Daily Archives: 22/02/2022

Cali EV Fuel Indicator Leak and Timing Sensor Leak

I’d noticed an occasional petrol smell around the Cali. One day while cleaning it, I detected a slight sheen on the cable coming from the fuel-level indicator where it exits the tank near the fuel solenoid. I put up with it for a few weeks but it developed into a slight drip, so time to do something.

In addition, the timing sensor in front of the left-hand cylinder had been weeping for some time, a not uncommon occurrence. I searched the Moto Guzzi forums for information, of which there was plenty, and got stuck into it.

Firstly I had to drain the tank of 15L of petrol, then remove it from the bike. I pumped it out into a 20L container – man that’s heavy, which you don’t appreciate when it’s in the bike. Removing the tank is fairly straightforward; undo the retaining bolt under the seat, pull the tank back off its locating bungs, unplug the electrical cables to the solenoid and fuel-level indicator (it helps to prop up the tank with a block of wood to do this), undo the hose to the fuel solenoid, undo the hose to the pressure regulator at the front, lift the tank up and remove the overflow hose underneath, and carry said tank to somewhere soft where it won’t get scratched.

I’d never removed the fuel-level indicator before. It unscrewed easily and I extracted it.

After 20 years, there was a fair bit of grit on it and the union which brushed off easily. It didn’t look like rust. But now I was bit concerned about the fuel solenoid, too, so I undid and extracted that.

This was gritless! Beats me. The solenoid union nut is is designed to screw into the tank with a normal RH thread AND screw down the fitting at the same time with a LH thread to draw it up tight. I couldn’t get it to work properly until I’d removed the black cable-tie which held the electrical lead in place. A dab of grease on the tank thread and it screwed back in like a charm.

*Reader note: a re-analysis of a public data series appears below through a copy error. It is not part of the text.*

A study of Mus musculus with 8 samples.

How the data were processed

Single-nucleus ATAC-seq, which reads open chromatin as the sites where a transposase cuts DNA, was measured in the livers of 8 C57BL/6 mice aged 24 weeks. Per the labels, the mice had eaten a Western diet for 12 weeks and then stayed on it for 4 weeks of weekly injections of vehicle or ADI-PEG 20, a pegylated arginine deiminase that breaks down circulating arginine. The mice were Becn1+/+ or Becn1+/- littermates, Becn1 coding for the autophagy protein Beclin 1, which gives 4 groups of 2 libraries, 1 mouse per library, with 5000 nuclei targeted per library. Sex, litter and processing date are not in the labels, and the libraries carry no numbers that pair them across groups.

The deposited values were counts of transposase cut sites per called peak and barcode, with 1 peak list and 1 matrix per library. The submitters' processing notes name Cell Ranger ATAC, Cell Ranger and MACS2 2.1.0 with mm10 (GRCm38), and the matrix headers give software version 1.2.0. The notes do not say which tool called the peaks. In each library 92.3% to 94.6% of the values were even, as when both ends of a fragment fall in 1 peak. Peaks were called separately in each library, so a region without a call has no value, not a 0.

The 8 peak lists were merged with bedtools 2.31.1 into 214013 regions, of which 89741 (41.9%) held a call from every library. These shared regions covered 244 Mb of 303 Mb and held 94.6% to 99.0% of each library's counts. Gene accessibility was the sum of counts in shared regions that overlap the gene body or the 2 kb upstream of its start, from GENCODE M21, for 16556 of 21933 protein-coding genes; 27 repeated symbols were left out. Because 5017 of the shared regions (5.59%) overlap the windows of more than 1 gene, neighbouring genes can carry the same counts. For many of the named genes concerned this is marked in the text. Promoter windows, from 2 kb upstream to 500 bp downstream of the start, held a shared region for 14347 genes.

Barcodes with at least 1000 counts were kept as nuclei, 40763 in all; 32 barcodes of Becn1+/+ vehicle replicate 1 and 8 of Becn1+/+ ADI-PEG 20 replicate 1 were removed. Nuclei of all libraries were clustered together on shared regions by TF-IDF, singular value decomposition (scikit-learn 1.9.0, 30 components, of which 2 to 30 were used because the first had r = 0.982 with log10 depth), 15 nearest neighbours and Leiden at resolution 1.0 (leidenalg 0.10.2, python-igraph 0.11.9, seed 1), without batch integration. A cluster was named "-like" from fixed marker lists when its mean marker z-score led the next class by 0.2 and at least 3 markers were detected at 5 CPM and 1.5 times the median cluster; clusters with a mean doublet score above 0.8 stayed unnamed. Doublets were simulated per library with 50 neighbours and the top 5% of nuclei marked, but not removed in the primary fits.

I eased the rubber boot away from the fuel-level sensor and squeezed some Threebond 1211 around the electrical wires exiting the base. The label says that it isn’t recommended for petrol, but they say that breaking the speed limit isn’t recommended, too, don’t they?! But it is OK with oil, and I’d bought it to fix the timing sensor leak. (The leak is also possible from the threaded join and some have found a slight split in the tank).

The timing sensor can leak where the sensor is screwed to the engine block, or out of the sensor itself. I extracted the sensor and found that the cable was grotty with oil and gunk, suggesting that oil was leaking out through the cable join. Cleaned it up with degreaser and then with methylated spirits. It has a spacer to ensure the correct positioning in order to read the crank rotations and an O-ring. Reinstalled these to the sensor then applied Threebond to the base-plate spacer, coated the area where the cable exited, and screwed it back onto the engine.

I poured some fuel into the tank and left it overnight. No leak. I smeared some rubber grease onto the locating bungs and eased the tank back on – the grease makes the job much easier – and reconnected cables and fuel hoses.

A week later and few hundred kays, all seem ship shape and Bristol fashion.